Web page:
While the biggest part of the QEII redevelopment project is on hold indefinitely, another key piece is moving forward.
The Community Outpatient Centre in Bayers Lake will feature primary care, 17 exam rooms, 24 dialysis stations, orthopedic assessment and rehab.
Colton LeBlanc, Nova Scotia’s minister responsible for health-care redevelopment projects, says the project will increase the QEII’s capacity.
“This facility is going to be able to accommodate up to 28,000 clinic appointments annually with around 30,000 blood collection and X-ray appointments annually,” LeBlanc said.
“That’s significant for folks that are already having to travel to a congested campus here on the peninsula.”
“It’s going to be more accessible, there’s better parking, really patient-centred space that will include excellent infection control, better patient outcomes,” Short said.
“We’ve got Dartmouth General and we have Cobequid, but the huge concentration of services — especially tertiary and quaternary services — that patients from all over the province are coming to, they’re really stuck in that downtown core.”
The new Bayers Lake centre will help alleviate health-care pressures in the downtown hospital, she added.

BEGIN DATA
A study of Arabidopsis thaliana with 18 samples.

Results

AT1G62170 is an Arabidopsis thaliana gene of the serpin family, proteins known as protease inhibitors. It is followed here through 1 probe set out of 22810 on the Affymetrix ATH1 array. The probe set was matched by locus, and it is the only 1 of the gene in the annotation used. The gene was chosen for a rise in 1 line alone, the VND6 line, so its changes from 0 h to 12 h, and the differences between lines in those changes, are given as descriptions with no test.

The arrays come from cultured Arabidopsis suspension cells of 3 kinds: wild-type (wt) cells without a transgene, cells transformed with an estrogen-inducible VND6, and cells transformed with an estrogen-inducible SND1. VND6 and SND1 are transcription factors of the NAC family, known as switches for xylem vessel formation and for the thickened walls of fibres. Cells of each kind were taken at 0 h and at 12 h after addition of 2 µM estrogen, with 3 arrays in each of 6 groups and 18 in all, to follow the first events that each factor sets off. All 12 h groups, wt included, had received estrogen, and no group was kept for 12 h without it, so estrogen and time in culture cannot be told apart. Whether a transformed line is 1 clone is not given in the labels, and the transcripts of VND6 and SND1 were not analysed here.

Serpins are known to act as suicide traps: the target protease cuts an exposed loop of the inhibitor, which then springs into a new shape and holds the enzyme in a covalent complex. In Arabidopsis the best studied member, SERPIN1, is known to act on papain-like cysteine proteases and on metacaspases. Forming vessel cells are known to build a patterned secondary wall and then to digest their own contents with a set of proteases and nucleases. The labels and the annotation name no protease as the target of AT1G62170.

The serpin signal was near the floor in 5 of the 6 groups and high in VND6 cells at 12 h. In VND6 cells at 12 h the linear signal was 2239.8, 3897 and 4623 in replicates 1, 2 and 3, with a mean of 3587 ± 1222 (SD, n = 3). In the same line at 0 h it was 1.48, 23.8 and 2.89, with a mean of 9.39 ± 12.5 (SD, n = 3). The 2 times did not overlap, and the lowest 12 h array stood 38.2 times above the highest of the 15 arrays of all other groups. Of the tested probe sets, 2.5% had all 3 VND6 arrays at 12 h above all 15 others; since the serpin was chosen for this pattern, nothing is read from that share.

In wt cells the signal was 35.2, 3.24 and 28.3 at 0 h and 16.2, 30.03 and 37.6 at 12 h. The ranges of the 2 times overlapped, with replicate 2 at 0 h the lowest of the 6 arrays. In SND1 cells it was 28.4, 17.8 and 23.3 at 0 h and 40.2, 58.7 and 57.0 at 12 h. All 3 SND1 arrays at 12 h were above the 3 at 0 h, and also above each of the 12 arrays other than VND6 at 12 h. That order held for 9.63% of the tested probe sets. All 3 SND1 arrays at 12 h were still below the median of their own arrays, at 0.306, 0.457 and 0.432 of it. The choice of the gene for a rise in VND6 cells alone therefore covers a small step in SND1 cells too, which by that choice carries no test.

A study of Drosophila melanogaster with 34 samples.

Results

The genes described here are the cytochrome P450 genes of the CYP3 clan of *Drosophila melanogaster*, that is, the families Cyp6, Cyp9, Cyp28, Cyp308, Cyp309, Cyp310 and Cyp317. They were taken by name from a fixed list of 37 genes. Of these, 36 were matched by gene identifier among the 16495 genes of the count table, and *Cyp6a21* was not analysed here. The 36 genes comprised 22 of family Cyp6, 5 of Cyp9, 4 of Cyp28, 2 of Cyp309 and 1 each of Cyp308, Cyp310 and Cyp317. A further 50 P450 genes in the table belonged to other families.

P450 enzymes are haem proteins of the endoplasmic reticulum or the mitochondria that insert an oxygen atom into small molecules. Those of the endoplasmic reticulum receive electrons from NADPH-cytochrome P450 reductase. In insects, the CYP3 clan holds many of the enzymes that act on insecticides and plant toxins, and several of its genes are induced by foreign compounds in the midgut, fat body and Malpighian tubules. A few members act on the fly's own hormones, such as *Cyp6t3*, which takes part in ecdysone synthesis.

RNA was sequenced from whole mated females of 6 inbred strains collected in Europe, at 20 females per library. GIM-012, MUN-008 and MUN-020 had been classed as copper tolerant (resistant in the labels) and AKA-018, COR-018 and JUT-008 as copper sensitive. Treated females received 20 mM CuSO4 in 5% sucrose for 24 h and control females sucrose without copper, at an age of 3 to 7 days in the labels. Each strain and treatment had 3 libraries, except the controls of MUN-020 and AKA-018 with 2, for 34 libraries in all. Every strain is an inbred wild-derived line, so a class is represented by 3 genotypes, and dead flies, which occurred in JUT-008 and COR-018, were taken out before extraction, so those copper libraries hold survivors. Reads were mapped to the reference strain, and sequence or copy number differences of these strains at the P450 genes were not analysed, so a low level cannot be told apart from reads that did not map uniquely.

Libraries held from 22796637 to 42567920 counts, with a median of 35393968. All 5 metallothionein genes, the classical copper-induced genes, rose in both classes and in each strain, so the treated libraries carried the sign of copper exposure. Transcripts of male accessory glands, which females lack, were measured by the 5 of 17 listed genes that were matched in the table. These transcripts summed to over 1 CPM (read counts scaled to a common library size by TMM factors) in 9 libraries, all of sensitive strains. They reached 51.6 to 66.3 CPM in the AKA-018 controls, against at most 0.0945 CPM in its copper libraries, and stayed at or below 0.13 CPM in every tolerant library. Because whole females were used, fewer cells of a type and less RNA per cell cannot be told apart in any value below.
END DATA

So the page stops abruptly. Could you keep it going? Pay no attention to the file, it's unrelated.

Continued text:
LeBlanc also said modern facilities and improved technology can be a useful recruitment tool, as the province faces a staffing crisis in health care.
According to the province, 30 per cent of staffing in the new centre will be transferred, while 70 per cent will be new staff.
The centre is expected to begin seeing patients in November 2023.
This comes after news that the Halifax Infirmary expansion has been put on hold after the hospital project’s lone bidder failed to submit its final proposal by the Nova Scotia government’s Oct. 27 deadline.
At the time, LeBlanc said the province and Plenary PCL Health decided not to proceed given current economic conditions affecting the construction industry, such as inflation and labour shortages.
Liberal health critic Brendan Maguire said Thursday that he is pleased the Bayers Lake clinic project is on track. But he said the longer the Infirmary redevelopment takes, the more expensive it will get.
“The ball has been fumbled on the QEII redevelopment. We have a parking lot, but we don’t actually have a hospital,” Maguire said.
The overall QEII redevelopment project was pegged at $2 billion when it was first announced by the former Liberal government in 2018.
That cost has grown significantly, but there’s no updated estimate. LeBlanc continues to say it’s an active procurement, even though a lone bidder is all that remains.